Cold Sore (2010)

Director: Matt Bird
Stars: Saskia Burmeister, Henry Nixon and Peter McAllum
This film was an official selection at the 7th annual International Horror & Sci-Fi Film Festival in Phoenix in 2011. Here's an index to my reviews of 2011 films.
Another Aussie movie, Cold Sore is more consistent than I Rot, it has a more agreeably off feel and it's more likely to stay with you. Then again, this was one of the films I saw a couple of times back in 2011 but, less than three years later, I couldn't quite remember how it went until it got there. It's the story of a boy and a girl who meet at a party and the cold sores that both acquire there during a brief snogging session. She's Jenna, who sits on her own, looking completely out of place; he's Guy, who has a lot more confidence, so hones in on her in a neat piece of cinematography. She points out that she's waiting for someone; he adds that he's been stood up by a friend. And so he buys a couple of mojitos, which I now realise were always everywhere in movies and I just didn't realise it until I saw Burn Notice, and they're all set for a night of it. What doesn't happen is what we might expect, because Guy bails on her after a friend calls him at the party. That's a little odd but hey, maybe he's taking it slow... no, it's a little odd.

What does happen is the title. Jenna wakes up in the morning, next to a mostly empty glass of wine and someone else's name badge, with a cold sore on her top lip. We know that this is going to have some serious meaning and Jenna seems to think so too, going to the doctor to have tests run. Perhaps she's just overly sensitive to anything medical, given that she has some weird scars on her body and there's a wheelchair in her apartment. Guy rings, of course, and she puts him off until Friday, to give it a chance to heal up, but when he arrives, he has one too. Dr Darvas rings with the results at a most inappropriate moment, but it's the results themselves that explain where we're going. Or at least we think so. The end of Cold Sore is a neatly powerful one that benefits from the slow buildup and hints at misdirection. This is one of those scenarios that might just invade our dreams and turn them into nightmares because it's never overt, it moves gradually like a creeping thing into our minds where it eventually festers cleverly.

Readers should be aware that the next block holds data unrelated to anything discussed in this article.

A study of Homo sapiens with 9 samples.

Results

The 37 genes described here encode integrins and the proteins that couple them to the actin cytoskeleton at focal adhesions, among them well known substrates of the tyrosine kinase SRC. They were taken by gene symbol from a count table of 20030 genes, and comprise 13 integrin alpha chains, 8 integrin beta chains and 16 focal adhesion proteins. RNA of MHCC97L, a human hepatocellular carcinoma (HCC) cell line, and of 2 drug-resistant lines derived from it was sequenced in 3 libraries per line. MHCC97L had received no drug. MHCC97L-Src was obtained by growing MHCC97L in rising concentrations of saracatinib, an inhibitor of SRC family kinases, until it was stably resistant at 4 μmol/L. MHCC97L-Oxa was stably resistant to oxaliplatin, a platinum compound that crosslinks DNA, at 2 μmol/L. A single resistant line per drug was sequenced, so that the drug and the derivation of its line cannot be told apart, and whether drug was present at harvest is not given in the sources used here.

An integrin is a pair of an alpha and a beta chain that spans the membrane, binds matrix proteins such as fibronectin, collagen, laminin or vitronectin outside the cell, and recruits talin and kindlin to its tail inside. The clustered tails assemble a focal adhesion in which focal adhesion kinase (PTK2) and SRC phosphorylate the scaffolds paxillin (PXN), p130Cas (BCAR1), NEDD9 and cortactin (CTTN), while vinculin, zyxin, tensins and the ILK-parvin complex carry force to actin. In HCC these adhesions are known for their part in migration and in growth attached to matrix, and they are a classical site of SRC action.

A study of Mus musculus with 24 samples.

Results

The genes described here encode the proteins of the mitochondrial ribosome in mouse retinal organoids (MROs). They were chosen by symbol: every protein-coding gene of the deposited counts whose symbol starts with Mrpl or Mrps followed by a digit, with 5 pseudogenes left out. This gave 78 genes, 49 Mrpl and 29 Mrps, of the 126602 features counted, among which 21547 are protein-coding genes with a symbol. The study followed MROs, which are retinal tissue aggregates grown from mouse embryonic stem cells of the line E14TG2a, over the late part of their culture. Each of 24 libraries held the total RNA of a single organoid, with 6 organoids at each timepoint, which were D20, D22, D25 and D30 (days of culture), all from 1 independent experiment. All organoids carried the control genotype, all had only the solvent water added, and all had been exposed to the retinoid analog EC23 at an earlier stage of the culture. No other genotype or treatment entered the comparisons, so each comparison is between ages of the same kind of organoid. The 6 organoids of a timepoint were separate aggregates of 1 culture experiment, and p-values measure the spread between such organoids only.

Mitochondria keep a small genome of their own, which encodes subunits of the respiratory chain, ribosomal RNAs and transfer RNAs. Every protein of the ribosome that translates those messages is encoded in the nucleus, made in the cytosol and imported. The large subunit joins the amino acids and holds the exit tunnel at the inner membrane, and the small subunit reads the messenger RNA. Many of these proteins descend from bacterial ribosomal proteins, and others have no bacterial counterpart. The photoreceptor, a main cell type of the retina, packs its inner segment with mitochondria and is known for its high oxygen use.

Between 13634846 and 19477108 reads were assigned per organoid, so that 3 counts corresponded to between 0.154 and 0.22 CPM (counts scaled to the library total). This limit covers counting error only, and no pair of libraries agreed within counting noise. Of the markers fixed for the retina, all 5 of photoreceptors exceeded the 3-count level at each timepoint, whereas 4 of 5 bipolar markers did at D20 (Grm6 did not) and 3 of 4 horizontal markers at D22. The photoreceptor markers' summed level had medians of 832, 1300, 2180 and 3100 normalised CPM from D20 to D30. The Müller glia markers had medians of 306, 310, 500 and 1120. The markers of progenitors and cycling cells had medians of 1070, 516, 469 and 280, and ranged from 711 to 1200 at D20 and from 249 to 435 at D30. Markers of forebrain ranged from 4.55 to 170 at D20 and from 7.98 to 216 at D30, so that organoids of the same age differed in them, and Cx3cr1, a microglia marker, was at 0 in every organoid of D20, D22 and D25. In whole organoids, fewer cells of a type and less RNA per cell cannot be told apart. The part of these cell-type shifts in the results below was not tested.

I liked the performances by Saskia Burmeister and Henry Nixon, as well as Jared Underwood's capable score which draws them along. I'm less impressed by the film's pacing; while the dénouement deserves a slow build to deliver its shivers, what it gets isn't as consistently grown as it could have been. I wished less that the film would have been shorter (at eighteen minutes, it's a longer piece than usually makes it into horror shorts selections at the International Horror & Sci-Fi Film Festival) and more that the first fifteen would have built more emphatically. As it is, there are a few slow points where little happens and which could have been harnessed to build the tone; perhaps writer/director Matt Bird intended them to. He's aware that the tone is the film's bedrock, but I wanted it to be heightened far more dramatically, through a stronger sound design or a quirkier visual aesthetic, something notable to haul Cold Sore out of the everyday before it lets us in on its odd little secret. I liked this film but it could have been more.